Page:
Despite the less than stellar results in a recent Federal Government leasing sale, the oil and gas industry still has its eye on the substantial reserves in the Lower Tertiary in the Gulf of Mexico. Several companies made bids with the goal of exploring this promising area. The industry is excited that the area will be a future source of oil and gas in the Gulf of Mexico.
IN PICTURES: Learn To Invest In 10 Steps
What's So Special?
The Tertiary is deeper than the Miocene finds that have been the traditional source of hydrocarbons in the area, and were deposited from 23 to 65 million years ago. Of course this means that the cost and technological challenges of drilling are greater as well.
Some of the drilling has gone as deep as 30,000 feet. Also, the reservoirs tend to be over pressurized.
Chevron (NYSE:CVX) made a significant discovery in the Lower Tertiary back in 2006 with the Jack and Jack 2 discoveries. Due to the complexity, lack of infrastructure and large scale of the exploration and development, the area is still not producing commercially yet. Chevron is currently building the infrastructure to handle up to 150,000 barrels per day from the Jack project and the nearby St. Malo field.
The Minerals Management Service (MMS) held a lease of federal oil and natural gas leases located in the Western Gulf of Mexico. The lease brought in high bids of $115 million. This was generally considered a fairly weak showing for Gulf of Mexico properties, with the previous Western Gulf lease sale bringing in $484 million back in 2008.
Lease Sale 210 involved 162 leases on the Outer Continental Shelf (OCS) properties, with 27 companies submitting bids. The highest bid was $28.1 million submitted by BP Inc. (NYSE:BP) for Block 96 in Keathley Canyon. Other large companies submitting bids were Chevron and Conoco Phillips (NYSE:COP), with 26 and 22 bids respectively.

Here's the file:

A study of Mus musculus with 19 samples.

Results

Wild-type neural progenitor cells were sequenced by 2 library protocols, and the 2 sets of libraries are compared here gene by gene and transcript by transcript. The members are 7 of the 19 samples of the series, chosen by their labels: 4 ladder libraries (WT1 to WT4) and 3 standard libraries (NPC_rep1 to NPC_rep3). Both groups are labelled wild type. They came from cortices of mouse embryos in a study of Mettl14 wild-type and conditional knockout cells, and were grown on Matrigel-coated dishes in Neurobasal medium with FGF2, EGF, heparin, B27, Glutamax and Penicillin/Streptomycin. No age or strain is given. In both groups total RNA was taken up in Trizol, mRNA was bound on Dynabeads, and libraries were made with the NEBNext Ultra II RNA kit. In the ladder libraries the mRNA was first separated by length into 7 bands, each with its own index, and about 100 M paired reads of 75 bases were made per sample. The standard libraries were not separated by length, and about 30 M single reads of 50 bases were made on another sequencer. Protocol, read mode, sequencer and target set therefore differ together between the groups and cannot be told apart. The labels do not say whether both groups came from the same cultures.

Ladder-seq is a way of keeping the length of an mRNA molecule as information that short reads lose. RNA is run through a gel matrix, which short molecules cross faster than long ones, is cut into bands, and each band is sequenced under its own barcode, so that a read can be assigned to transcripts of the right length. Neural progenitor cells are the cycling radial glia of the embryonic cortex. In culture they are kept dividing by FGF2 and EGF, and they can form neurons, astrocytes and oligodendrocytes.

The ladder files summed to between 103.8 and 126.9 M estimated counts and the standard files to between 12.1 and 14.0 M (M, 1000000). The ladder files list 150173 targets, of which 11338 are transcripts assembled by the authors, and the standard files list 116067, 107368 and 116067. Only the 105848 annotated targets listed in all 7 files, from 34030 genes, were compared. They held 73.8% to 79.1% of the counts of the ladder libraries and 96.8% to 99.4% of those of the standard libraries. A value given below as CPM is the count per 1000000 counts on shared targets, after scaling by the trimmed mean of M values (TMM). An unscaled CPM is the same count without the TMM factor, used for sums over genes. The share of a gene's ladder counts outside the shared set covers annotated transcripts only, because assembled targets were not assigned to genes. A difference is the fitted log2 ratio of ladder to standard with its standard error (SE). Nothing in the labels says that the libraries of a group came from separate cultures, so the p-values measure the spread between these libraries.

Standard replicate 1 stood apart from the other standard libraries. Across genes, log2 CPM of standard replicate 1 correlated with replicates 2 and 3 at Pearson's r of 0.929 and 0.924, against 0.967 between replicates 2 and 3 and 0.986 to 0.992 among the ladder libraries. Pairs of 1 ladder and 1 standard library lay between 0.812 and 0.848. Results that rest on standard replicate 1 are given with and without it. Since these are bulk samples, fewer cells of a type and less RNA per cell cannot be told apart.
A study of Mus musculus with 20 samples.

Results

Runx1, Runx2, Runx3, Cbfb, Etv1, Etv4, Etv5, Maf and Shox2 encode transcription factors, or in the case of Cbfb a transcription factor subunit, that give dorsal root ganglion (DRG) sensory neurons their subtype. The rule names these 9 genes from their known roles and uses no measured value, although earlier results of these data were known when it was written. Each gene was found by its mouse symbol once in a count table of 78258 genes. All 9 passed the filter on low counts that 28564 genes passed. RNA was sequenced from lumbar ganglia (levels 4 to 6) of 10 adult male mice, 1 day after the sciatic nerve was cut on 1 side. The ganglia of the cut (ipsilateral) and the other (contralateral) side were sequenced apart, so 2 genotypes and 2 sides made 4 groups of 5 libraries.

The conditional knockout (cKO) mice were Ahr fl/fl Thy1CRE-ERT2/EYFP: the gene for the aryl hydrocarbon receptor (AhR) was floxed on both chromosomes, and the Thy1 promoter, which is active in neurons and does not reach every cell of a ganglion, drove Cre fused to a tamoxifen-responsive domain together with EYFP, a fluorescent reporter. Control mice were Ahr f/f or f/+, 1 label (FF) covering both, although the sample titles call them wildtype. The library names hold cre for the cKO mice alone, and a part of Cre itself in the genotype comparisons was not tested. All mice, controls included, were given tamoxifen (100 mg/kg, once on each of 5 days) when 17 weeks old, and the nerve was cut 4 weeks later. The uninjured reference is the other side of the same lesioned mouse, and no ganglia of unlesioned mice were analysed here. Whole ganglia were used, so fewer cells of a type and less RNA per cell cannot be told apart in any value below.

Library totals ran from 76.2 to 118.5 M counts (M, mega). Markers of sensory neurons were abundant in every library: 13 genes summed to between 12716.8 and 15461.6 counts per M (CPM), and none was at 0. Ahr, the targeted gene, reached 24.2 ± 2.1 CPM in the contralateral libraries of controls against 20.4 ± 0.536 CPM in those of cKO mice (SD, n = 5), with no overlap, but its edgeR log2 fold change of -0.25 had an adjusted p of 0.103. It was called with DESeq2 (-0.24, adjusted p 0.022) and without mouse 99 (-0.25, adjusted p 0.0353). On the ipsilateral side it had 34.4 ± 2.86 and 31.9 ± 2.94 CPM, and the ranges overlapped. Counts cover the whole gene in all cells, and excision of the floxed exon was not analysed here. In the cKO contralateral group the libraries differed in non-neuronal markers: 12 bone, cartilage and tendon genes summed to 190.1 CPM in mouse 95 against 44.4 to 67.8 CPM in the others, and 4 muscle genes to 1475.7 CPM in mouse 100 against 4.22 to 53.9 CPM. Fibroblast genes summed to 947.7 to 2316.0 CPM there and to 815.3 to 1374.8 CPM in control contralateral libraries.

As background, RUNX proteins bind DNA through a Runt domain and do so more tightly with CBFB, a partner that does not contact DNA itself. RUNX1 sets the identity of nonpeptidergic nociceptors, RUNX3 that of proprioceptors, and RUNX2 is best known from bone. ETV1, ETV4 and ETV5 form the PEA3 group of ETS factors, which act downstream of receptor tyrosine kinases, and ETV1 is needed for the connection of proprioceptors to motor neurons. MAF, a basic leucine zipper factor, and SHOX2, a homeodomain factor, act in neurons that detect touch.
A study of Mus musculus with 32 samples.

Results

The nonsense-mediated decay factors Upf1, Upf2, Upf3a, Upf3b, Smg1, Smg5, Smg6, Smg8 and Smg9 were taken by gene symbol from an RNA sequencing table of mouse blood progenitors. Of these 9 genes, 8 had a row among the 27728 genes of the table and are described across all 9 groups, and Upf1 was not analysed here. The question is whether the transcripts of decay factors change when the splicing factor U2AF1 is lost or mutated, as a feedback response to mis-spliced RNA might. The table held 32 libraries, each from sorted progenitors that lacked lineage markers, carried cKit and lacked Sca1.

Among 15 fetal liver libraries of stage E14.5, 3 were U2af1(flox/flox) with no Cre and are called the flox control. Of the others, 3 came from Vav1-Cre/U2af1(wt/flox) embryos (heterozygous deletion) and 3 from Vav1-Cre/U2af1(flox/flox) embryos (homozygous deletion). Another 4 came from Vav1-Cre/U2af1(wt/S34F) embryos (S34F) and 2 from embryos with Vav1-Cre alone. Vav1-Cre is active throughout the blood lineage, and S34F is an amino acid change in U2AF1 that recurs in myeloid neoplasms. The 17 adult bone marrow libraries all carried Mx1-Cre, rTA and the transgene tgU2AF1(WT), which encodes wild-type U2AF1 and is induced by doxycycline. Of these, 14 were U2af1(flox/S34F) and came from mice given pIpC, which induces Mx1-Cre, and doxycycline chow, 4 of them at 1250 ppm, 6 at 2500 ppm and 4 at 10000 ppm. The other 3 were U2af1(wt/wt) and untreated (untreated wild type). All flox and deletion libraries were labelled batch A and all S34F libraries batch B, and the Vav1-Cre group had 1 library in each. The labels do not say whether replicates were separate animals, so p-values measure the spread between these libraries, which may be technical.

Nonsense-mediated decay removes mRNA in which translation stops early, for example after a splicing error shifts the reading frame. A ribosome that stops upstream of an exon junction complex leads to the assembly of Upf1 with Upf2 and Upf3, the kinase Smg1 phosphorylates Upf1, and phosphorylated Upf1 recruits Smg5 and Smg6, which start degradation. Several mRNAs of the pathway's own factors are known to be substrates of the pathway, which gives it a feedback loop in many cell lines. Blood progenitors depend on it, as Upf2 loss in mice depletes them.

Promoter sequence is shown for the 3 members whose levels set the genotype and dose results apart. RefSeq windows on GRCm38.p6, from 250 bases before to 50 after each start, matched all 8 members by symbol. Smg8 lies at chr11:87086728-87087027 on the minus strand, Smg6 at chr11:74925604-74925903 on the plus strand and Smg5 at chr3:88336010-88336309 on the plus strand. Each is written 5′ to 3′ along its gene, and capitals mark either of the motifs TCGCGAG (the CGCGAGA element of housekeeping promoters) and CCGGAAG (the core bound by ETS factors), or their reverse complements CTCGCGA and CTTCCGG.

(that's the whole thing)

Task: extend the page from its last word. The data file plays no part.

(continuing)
BP already has a successful find out in the Keathley Canyon, where it discovered oil at the Kaskida prospect along with partners Anadarko Petroleum (NYSE:APC) and Devon Energy (NYSE:DVN).
Anadarko Petroleum has the most recent discovery in the Gulf of Mexico, announced last month in the Mississippi Canyon area. The Vito well hit 250 feet of net pay at a depth of 32,000 feet, and Anadarko partnered with Royal Dutch Shell (NYSE:RDS.A) and StatoilHydro (NYSE:STO) on the well.
The Bottom Line
The exploration and production industry is moving forward into the Lower Tertiary trend in the Gulf of Mexico, despite a weak auction due to what may be the temporary hiccup of much lower commodity prices. (To learn more, see our Oil And Gas Industry Primer.)
Use the Investopedia Stock Simulator to trade the stocks mentioned in this stock analysis, risk free!